So, you keep wondering: “What should I eat?”
The answer is — you have to find out for yourself.
All people are very different and the approach toward nutrition must be designed individually. The choice of food is determined by both internal and external conditioning. Internal conditions include a current level of spiritual development, energy requirements of the body, metabolism, a belief system, and an overall attitude toward life and its value. External conditions include factors such as ethnic and cultural background, geographical location, personal financial state and the economic situation in the country.
The only ultimate truth about nutrition is that you shouldn’t be dogmatic about anything. Some vegans are more aggressive than meat-eaters. Some meat-eaters are too ignorant to open up for alternatives. Be humble. On this path, one can never stop learning.
I’ve shared with you my thoughts on some aspects of nutrition I found worth mentioning and I will share with you my diet too. I follow the Japanese diet — seafood, grains, legumes, fruits, and vegetables. I believe that all good dietary practices have already been invented we just have to resurface them and combine them in a way that works for us.
Japanese people are among the top long-livers on the planet and without a doubt, their diet is one of the reasons that stand behind their longevity.
I approach nutrition as a chemist. First of all, I want my food to improve my cognitive function so I eat fish to supply myelin for my brain. Myelin is a substance that surrounds the axon of a neuron forming a fatty myelin sheath — some sort of insulating layer whose primary functions are to protect the nerve and secure the speed of conduction of electrical signals. Healthy myelin production is essential for the adequate functioning of the central nervous system — the brain and the spinal cord. Myelinogenesis is absolutely dependent on the synthesis of cholesterol in the brain and requires regular intake of omega-3 and omega-6 fatty acids making fish an excellent dietary choice.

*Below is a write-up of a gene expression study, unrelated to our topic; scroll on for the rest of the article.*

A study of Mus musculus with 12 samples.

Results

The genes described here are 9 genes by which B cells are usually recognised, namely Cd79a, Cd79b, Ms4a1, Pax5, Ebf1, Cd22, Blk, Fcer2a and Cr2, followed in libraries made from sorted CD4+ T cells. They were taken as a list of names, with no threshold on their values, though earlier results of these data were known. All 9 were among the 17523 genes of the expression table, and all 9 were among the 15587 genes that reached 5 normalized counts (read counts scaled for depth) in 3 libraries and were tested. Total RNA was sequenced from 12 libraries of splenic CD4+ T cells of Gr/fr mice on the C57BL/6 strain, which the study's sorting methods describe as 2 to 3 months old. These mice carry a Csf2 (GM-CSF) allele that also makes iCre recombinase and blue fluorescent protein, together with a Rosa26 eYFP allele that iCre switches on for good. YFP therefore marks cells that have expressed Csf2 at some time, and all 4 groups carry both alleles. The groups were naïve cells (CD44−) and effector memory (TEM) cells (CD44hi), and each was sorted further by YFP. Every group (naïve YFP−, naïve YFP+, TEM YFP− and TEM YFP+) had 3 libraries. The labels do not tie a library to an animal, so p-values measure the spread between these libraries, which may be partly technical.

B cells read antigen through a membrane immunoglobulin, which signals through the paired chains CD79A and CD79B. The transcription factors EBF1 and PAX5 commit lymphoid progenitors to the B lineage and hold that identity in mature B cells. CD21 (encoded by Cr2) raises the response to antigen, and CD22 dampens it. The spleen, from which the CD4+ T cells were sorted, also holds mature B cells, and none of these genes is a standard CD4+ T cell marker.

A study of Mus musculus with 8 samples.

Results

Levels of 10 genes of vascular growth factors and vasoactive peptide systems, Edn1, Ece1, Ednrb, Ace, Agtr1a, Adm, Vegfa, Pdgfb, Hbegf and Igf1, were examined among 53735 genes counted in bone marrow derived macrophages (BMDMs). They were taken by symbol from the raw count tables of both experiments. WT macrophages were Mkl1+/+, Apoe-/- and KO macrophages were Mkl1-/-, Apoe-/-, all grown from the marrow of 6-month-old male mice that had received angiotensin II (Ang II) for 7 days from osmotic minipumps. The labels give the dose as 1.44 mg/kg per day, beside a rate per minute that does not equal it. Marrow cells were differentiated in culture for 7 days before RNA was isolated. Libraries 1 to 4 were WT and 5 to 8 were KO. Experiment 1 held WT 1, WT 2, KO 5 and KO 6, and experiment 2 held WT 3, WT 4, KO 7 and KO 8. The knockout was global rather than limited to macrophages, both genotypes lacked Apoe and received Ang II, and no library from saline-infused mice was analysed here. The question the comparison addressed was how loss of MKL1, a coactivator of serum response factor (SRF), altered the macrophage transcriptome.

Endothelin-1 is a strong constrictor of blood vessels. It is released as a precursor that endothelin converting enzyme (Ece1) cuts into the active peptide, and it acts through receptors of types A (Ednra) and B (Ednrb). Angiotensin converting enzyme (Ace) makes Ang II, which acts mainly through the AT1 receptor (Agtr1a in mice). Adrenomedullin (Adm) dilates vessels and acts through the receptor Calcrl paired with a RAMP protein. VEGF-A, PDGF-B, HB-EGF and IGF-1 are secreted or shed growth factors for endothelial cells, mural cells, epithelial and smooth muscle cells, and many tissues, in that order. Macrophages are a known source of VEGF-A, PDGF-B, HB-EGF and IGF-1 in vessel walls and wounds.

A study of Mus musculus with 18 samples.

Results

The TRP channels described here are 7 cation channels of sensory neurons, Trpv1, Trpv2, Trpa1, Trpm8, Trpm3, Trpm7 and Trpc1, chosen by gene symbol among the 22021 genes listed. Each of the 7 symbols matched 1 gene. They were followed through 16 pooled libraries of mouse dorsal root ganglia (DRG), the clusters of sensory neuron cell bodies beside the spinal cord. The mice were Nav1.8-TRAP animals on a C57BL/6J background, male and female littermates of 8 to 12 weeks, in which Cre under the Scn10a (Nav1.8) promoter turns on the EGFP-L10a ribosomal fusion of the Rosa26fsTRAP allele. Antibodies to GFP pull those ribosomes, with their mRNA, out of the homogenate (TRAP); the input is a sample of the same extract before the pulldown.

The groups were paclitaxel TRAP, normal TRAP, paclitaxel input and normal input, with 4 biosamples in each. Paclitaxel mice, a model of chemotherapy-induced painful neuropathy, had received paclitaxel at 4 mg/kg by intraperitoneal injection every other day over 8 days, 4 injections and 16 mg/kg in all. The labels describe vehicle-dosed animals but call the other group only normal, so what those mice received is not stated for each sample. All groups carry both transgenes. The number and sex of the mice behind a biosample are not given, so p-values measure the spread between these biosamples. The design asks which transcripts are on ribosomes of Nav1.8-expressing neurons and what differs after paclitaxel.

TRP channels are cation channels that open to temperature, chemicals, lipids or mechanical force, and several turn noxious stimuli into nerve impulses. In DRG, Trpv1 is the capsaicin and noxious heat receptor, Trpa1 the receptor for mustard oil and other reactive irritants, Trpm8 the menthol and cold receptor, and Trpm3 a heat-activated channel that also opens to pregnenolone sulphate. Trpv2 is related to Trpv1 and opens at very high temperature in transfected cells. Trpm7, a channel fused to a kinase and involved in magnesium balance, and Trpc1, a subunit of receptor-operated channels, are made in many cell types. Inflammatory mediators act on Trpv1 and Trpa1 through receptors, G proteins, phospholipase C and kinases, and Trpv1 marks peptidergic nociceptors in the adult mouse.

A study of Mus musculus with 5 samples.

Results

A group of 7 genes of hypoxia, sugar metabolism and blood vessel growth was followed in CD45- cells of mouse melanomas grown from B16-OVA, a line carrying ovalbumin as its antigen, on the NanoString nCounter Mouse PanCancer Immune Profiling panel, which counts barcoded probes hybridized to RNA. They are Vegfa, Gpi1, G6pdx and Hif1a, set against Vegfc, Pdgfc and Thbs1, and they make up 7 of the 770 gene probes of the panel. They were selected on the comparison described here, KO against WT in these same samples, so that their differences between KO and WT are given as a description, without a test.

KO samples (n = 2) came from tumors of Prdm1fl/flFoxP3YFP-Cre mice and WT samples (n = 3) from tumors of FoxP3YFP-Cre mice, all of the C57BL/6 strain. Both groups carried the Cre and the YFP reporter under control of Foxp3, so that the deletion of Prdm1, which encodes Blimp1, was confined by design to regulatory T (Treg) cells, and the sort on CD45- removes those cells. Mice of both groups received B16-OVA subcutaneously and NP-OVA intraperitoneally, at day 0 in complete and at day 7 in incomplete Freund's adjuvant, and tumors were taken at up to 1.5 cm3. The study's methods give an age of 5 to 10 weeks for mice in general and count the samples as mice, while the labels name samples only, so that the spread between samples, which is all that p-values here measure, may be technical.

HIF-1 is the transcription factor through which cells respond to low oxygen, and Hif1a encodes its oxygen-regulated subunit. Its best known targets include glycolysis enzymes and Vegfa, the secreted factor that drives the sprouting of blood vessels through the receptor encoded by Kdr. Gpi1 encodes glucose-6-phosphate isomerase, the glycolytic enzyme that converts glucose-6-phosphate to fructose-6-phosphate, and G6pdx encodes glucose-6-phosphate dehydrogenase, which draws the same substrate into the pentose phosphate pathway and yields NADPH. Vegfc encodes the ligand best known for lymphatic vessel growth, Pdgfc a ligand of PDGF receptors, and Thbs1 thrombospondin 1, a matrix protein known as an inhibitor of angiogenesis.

Furthermore, fish doesn’t have a lot of connective tissue so your body doesn’t spend a lot of energy to break it down. You know how fast fish gets cooked in comparison to other types of meat. Easy digestion also makes fish a superior source of animal protein, especially for post-workout recovery. In addition, fish can be eaten raw so all valuable nutrients enter the body without undergoing thermal destruction.
Fresh fruits and vegetables secure the required minerals, vitamins and fiber that ensures movement of the food inside intestines and serves as a food for symbiotic bacteria. Grains and legumes are great sources of both carbohydrates and plant protein.
I was a meat-eater, I went vegan, I tried being a fruitarian, and I practiced fasting. Every time I tried something new, I was closely observing how my body responded. The things that I described in the Nutrition subchapter are the results of a series of experiments on myself that brought me to my current diet. I do not preach the way I eat. What works great for me will not necessarily give the same results for you. I learned something, I keep learning, and I wish you do the same.
At some point in life, you have a moment of realization — what others choose to put in their stomachs is absolutely irrelevant to your personal wellbeing. This is when you acquire the power to forbid external factors such as environment, cultural background, or familial dietary habits from conditioning you into making choices that may have a detrimental effect on the quality of your life. The only thing that matters is the question: “What is the role of the food in my journey of becoming a better human being?”
Study nutrition, study physiology. Don’t be afraid to experiment to find what works exclusively for you. Make conscious choices and take full responsibility for what gets inside your body because, at the end of the day, your wellness is the consequence of your approach to your diet. Remember that the way you treat your body can be the highest form of self-love or the highest form of self-punishment. Love yourself. Be healthy. Be mindful.
Thank you for reading my book “Meditations of the Millennial”.
If you want to support me on my mission, please, share this book with someone you love. Maybe they will find what they seek on its pages.